When the Commonwealth allowed non-essential activities to re-open in a phased manner in the fall of 2020, some Harvard faculty and staff were advised that they should return to work on campus. Others have been working on campus all along, to provide essential services, or have been called back since then for required on-campus work.
Maintaining a Safe and Healthy Workplace
Harvard has developed requirements for safe return to on-campus work, including evolving testing and tracing protocols. All faculty and staff are expected to comply fully with these requirements, as well as related workplace policies, and any official Harvard public health or safety guidance.
We ask that everyone approach compliance with these requirements conscientiously, putting prevention and our responsibilities to each other first. Questions may be addressed to the local HR office. Please also consult Keep Harvard Healthy for updated information.
In circumstances where employees are in clear violation of these workplace policies, Harvard may revoke access to its campus or its buildings, and/or take other disciplinary actions.
The following is a summary of key requirements for safely working on campus, including essential workers:
- Before returning to work on campus, you must complete one of the required COVID-19 safety trainings from Harvard’s Environmental Health and Safety Department (on the Harvard Training Portal, Harvard Key required). Some work settings (e.g., clinical, laboratories) may have additional requirements for workers to help ensure their safety.
- Consistent with federal guidance, all Harvard employees, including those who are on 100% remote work status, must be fully vaccinated. Individuals who do not have an approved exemption and are not fully vaccinated by January 18, 2022, will begin to face discipline for non-compliance. Continued non-compliance will ultimately result in termination. Employees do not have the option to opt for additional testing instead of vaccination. Exceptions will be provided for medical or religious reasons. Note that unvaccinated people with an approved exemption may be subject to additional public health measures (e.g., masking, testing) above and beyond what is required of vaccinated individuals. Employees do not have the option to opt for additional testing instead of vaccination. Updates and information regarding the University's vaccine requirement can be found at the University's vaccine webpage.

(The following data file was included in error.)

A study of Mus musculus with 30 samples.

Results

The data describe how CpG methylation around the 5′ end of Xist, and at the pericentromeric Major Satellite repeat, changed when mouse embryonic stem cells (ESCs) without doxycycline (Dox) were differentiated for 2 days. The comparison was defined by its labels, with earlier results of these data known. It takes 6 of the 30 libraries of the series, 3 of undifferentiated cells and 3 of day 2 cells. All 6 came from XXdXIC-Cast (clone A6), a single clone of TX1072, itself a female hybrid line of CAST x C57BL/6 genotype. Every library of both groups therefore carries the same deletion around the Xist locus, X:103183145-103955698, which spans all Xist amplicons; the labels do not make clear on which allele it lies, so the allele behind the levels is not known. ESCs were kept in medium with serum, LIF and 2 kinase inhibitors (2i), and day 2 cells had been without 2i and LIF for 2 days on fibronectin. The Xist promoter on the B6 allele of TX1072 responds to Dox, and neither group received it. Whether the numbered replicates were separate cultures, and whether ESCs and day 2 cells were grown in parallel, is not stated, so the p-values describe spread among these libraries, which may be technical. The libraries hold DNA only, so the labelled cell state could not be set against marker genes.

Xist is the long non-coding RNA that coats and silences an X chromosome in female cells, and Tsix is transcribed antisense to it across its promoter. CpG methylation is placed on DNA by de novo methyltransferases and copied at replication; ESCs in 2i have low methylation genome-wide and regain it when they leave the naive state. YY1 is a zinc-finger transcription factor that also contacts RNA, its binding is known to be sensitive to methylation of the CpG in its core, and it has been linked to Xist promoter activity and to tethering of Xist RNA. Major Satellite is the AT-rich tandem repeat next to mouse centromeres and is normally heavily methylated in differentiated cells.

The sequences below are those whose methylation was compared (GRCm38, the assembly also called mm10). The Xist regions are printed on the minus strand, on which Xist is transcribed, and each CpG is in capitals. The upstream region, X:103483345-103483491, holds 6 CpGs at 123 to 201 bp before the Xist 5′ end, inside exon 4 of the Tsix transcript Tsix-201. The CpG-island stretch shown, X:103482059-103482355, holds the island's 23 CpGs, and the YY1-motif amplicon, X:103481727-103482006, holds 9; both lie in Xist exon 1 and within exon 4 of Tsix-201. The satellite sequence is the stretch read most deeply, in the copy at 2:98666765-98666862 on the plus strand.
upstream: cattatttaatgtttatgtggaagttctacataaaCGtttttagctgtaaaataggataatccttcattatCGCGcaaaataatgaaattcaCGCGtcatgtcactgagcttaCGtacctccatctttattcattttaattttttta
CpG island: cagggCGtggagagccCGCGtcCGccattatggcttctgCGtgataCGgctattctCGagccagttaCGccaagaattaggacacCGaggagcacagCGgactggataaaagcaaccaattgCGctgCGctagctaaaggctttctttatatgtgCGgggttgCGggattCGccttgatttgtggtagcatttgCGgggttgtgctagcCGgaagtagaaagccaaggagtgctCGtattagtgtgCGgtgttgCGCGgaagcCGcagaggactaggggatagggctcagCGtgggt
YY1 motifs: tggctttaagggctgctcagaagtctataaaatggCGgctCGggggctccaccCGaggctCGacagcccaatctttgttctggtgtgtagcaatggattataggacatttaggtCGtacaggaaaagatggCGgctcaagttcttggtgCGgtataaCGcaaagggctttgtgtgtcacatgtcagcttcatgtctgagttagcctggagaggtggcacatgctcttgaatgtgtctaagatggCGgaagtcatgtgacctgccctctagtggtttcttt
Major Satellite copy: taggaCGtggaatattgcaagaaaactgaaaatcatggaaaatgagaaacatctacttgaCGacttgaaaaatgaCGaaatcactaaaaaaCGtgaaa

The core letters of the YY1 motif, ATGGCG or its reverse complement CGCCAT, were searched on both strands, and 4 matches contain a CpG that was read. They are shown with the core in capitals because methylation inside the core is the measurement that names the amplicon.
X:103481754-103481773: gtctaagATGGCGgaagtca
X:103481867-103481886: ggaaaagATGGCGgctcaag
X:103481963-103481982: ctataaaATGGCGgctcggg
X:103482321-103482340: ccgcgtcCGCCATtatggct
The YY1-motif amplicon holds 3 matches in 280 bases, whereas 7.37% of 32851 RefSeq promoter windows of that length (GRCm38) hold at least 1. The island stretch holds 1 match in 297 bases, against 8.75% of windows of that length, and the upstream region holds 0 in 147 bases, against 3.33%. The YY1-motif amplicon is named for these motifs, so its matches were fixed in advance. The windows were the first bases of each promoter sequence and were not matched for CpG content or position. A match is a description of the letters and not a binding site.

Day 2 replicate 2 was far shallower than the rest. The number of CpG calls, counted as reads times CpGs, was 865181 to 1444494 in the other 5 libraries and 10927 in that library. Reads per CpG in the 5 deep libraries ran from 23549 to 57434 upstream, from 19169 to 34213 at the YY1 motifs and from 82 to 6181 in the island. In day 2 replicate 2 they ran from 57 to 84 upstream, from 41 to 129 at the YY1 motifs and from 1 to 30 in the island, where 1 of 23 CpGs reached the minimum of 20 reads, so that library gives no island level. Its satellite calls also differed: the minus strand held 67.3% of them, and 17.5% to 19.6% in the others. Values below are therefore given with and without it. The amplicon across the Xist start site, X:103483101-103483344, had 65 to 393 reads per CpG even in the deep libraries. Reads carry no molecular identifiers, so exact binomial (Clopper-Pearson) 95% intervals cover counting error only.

- You must adhere to University testing requirements.
- Beginning May 29, 2021, we will no longer require daily Crimson Clear attestation for everyone coming to campus. However, you should complete Crimson Clear if you are concerned that you have been exposed to the coronavirus, have tested positive for the coronavirus, or are experiencing symptoms. Harvard University Health Services (HUHS) will then contact you to provide guidance and support. You may need to use Crimson Clear if you work in a setting that specifically requires it (e.g., a hospital-based research lab). Please note that the Massachusetts Department of Public Health still requires persons working in a healthcare setting to complete self-attestation every day they are on-site.
- Mandatory Reporting – Faculty and staff who are being tested for COVID-19 because of symptoms or known exposure, who are presumed to have COVID-19 and are awaiting test results, or who have received a positive test result for COVID-19, must notify HUHS at firstname.lastname@example.org, even if they do not receive their care from HUHS/HUGHP. This helps the University assess the impact on our community.
- All employees must follow current protocols for face coverings, depending on the work setting. Community members should have an acceptable face covering on their persons at all times when on campus.
- When working on campus, you must follow protocols for social distancing. Those with an underlying health condition or concern may request a temporary job modification – a change in job duties, location, hours, etc. – by contacting University Disability Resources or local human resources. Or, they may formally request a disability accommodation online or by contacting local human resources.
- Employees who have traveled out of state should consult and follow the University’s current post-travel policies. Employees routinely commuting to work from neighboring states in New England are not subject to these requirements every time they enter Massachusetts for work.
Faculty and staff who feel sick should stay home and notify their supervisor. Harvard’s temporary policies that allow for expanded and more flexible use of sick time by staff will remain in effect until April 1, 2022. Those with concerns or questions about their illness or seeking advice about whether to come to work are invited to email Harvard University Health Services.
In addition, employees should not come to work on campus in the following instances:
- Are instructed to refrain from attending work by Harvard University Health Services (HUHS), health care providers or public health officials.
- Are unable to obtain a Crimson Clear pass if you are required to use it in your work setting (e.g., hospital-based research lab) or because you are concerned that you have been exposed to the coronavirus, have tested positive for the coronavirus, or are experiencing symptoms and are awaiting clearance from HUHS.
- If you are caring for someone with a presumed or confirmed case of COVID-19, please refer to Harvard’s Contact Tracing page for information on reporting and coming to campus.
Managers and supervisors must not pressure employees to come to work if they are ill or need to stay at home to care for dependents. Conversely, if employees are well, they should not be pressured or encouraged to stay away from work for reasons such as their ethnic or racial background, home address or age.